On the 24th of May, the Spindle and The Blockchain Society Lab organised three workshops on Blockchain in the development sector during the Blockchain Week in The Hague Tech. Interactive workshops, hosted by Yvo Hunink (The Spindle) and Julian Sommer (Peace Innovation Institute), challenged participants to think about further steps in their use cases. Jimmy Snoek (TYKN) and Khakhar (Toblockchain), both experts in the field, furthermore illustrated how they already work with blockchain to solve certain development and sustainability issues.
Workshop 1 and 2: Creating and capturing impact for unlocking use cases in the humanitarian sector
Both workshops were facilitated by Yvo Hunink and Julian Sommer, representing The Spindle and ixo.foundation/the Peace Innovation Institute. Both parties join forces to support the application of Blockchain for social good.
During the first workshop, several themes relevant for the civil society sector were discussed by Yvo Hunink. Hunink already did a research on use cases in the humanitarian sector for The Spindle. Click here to read his online magazine on blockchain in the humanitarian sector. Thereafter, Julian Sommer gave an overview of how capturing and tracking impact can be done with Blockchain. It can help any kind of organization to effectively and transparently track the results of their activities. The meeting finished with an open discussion between the participants.
In the second workshop, participants got a chance to put their own insights to use. In groups, a first project proposal for a government subsidy of a Blockchain for social good was created. A special tool that showed all use cases being proposed for Blockchain in the humanitarian sector was used. This way the participants got insight into what is possible in the existing world. The workshop ended with an interesting discussion, based on real-life problems the participants had with their use cases. They discovered that the questions about use cases are usually very cultural:
What are the legal possibilities? And how do you find new incentives in this new blockchain system?
The answer to this question is that the best use case of Blockchain is a new solution that can only be solved Blockchain. Another question that arose during the discussion:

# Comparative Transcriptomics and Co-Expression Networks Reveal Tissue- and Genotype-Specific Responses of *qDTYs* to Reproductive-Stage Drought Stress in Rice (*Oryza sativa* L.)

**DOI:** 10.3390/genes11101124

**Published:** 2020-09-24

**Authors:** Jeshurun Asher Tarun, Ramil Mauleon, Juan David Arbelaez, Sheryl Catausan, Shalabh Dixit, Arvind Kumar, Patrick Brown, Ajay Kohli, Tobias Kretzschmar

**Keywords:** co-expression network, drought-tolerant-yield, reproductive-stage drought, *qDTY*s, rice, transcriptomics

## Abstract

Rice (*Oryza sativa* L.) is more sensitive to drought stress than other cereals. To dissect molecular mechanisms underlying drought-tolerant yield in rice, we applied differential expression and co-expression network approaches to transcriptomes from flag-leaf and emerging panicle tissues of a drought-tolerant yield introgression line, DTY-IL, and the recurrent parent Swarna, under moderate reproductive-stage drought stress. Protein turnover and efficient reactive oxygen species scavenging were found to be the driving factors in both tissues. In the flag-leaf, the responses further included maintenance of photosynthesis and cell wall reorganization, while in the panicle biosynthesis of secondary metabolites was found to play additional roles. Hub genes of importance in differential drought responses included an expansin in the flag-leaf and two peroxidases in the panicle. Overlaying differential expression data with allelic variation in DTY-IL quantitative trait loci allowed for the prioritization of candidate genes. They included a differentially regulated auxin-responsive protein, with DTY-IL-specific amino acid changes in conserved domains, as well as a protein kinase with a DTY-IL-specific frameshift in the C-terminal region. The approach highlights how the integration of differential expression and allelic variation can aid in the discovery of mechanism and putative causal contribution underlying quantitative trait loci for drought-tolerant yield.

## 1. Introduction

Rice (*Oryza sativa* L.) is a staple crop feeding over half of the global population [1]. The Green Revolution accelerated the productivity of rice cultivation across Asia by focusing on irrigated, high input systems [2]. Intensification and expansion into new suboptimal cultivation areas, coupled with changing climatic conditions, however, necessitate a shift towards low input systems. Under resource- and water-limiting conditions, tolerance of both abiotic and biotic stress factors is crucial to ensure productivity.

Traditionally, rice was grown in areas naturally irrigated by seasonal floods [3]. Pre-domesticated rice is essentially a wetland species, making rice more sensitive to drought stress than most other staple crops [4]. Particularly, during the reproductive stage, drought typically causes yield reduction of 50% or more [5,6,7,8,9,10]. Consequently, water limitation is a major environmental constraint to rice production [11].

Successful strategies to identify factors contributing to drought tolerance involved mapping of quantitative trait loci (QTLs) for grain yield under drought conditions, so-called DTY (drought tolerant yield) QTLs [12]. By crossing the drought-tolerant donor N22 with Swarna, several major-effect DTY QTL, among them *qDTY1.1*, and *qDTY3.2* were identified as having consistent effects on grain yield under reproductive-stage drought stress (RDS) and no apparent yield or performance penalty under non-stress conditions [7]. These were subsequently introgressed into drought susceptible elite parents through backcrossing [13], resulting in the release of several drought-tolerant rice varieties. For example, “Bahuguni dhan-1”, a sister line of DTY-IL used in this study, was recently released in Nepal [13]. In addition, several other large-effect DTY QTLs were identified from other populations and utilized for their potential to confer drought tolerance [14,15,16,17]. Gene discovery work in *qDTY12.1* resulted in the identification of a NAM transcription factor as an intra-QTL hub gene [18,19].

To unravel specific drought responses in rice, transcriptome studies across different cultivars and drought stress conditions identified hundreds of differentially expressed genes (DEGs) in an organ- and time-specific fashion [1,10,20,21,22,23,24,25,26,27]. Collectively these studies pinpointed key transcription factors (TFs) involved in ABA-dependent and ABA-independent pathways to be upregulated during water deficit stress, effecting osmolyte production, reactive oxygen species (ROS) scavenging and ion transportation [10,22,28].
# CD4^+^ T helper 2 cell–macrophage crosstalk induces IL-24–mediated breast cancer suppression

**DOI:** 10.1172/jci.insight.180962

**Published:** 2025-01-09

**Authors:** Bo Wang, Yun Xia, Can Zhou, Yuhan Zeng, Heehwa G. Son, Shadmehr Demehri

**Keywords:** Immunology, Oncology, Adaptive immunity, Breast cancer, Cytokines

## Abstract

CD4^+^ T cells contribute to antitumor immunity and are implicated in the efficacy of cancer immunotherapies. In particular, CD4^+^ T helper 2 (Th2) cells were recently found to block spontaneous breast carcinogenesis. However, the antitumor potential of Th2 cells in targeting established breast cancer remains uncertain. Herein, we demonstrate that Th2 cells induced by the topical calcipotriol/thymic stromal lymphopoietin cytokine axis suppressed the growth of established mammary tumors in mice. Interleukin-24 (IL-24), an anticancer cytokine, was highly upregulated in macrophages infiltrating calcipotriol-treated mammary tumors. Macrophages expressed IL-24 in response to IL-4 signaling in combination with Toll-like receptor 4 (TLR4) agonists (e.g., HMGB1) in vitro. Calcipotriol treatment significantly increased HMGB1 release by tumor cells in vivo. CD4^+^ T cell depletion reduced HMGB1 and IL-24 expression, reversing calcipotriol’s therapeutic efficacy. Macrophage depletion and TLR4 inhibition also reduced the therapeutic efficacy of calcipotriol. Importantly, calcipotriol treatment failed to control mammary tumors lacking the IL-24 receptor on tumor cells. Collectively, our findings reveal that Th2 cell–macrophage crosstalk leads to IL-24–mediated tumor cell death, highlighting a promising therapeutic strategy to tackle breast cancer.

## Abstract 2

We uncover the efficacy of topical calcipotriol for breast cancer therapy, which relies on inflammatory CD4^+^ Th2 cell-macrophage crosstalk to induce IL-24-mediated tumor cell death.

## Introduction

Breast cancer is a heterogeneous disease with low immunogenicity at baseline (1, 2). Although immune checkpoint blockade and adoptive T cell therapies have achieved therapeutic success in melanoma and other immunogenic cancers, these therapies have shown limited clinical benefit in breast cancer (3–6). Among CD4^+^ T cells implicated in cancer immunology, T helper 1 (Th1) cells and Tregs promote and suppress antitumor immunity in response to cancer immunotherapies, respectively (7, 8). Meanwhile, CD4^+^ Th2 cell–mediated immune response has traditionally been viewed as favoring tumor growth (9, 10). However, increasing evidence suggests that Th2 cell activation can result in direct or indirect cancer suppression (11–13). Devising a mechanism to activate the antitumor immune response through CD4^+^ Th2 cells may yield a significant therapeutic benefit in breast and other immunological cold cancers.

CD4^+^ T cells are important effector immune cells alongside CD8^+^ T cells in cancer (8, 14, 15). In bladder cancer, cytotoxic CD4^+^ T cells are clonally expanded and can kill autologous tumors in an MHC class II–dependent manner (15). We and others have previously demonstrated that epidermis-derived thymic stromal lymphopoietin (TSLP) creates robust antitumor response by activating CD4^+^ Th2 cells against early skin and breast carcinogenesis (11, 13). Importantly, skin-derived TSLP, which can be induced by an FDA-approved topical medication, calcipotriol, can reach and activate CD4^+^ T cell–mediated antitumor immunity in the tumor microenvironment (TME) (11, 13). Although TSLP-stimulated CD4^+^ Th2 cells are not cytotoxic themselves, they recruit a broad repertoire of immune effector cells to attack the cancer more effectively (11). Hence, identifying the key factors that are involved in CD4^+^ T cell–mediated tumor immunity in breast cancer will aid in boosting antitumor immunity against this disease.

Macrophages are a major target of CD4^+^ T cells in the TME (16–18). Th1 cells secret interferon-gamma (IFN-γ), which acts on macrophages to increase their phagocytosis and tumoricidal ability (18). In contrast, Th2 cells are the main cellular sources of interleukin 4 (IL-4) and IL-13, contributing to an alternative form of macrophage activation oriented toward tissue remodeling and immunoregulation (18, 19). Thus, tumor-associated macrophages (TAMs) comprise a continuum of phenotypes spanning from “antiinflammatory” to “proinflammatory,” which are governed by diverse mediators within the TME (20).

Do we enlarge the gap between the rich and poor with the application of blockchain?
A lot of the poor don’t have an internet connection and therefore can’t make use of blockchain solutions. This is a very important question at the moment, because we are now designing the far future. It’s very likely that Blockchain is up and running in ten years from now. What we design now can have a direct impact on the future. Besides that, there is much more need for Blockchain solutions in developing countries than here. If for example, your currency is not stable, cryptocurrency becomes much more relevant.
The biggest problem, for now, is the definition of identity. Identity is already visible in systems, but not yet implemented in a proper way. Blockchain technology has to deal with a contradiction: the biggest pro of the blockchain solution is the anonymity of transactions, meanwhile the identification (are you the person that you say you are) of these transactions something we want.
Workshop 3: what implemented impact looks like
The last session of the evening was an informative session with two of the frontrunners of the application of blockchain in the humanitarian sector.
Certify their identity
Jimmy Snoek, business development lead at Tykn, spoke about the 611 million people on earth with an identification problem. Amongst them a lot of refugees, including Tey Toufic, the current CEO of Tykn. In October 2017, Tykn participated in The Spindle Summer Labs and won the award for ‘Best Idea’ at the Partos Innovation Festival 2017 with their project called ZINC.
Tykn is currently working together with the Red Cross in Sint Maarten, where a solution will be implemented for the identification and registration of people after a disaster. This process is expensive because money has to be sent as soon as possible to the relevant area. This is done by sending money to several banks all over the world. Transferring costs are a big issue in this process. Another problem with paper-based aid like money is that it can get lost and a lot of people do lose the voucher they can exchange for help.
Tykn tries to solve the identification and registration problem by implementing the Blockchain solution for self-sovereign (digital) identity. Following the ten principles of self-sovereign identity by Windley, Tykn uses DIDS (Dimensions of Identity Development Scale) as a standard for identification. For Tykn it’s very important that private data stays private. Due to this fact they make use of a public key for identity, where only mutations and verification is put on the chain.
The project with the Red Cross will be piloted soon. At the end of the summer, the solution will probably be ready and tested into a pilot at Sint Maarten.
Consumer engagement through Blockchain as the key for energy transition
Kaushik Khakhar (Toblockchain) was the second speaker and told the participants about his Blockchain solution for the energy market. Toblockchain is a Dutch blockchain information firm that developed a disruptive software platform named ‘PowerToShare’. One of the applications of this platform is the peer-to-peer energy sharing. This solution is based on blockchain and allows consumers to trade the surplus of their generated energy. You can think of privately owned solar panels for example. Right now Toblockchain is testing this idea at The Green Village (TU Delft).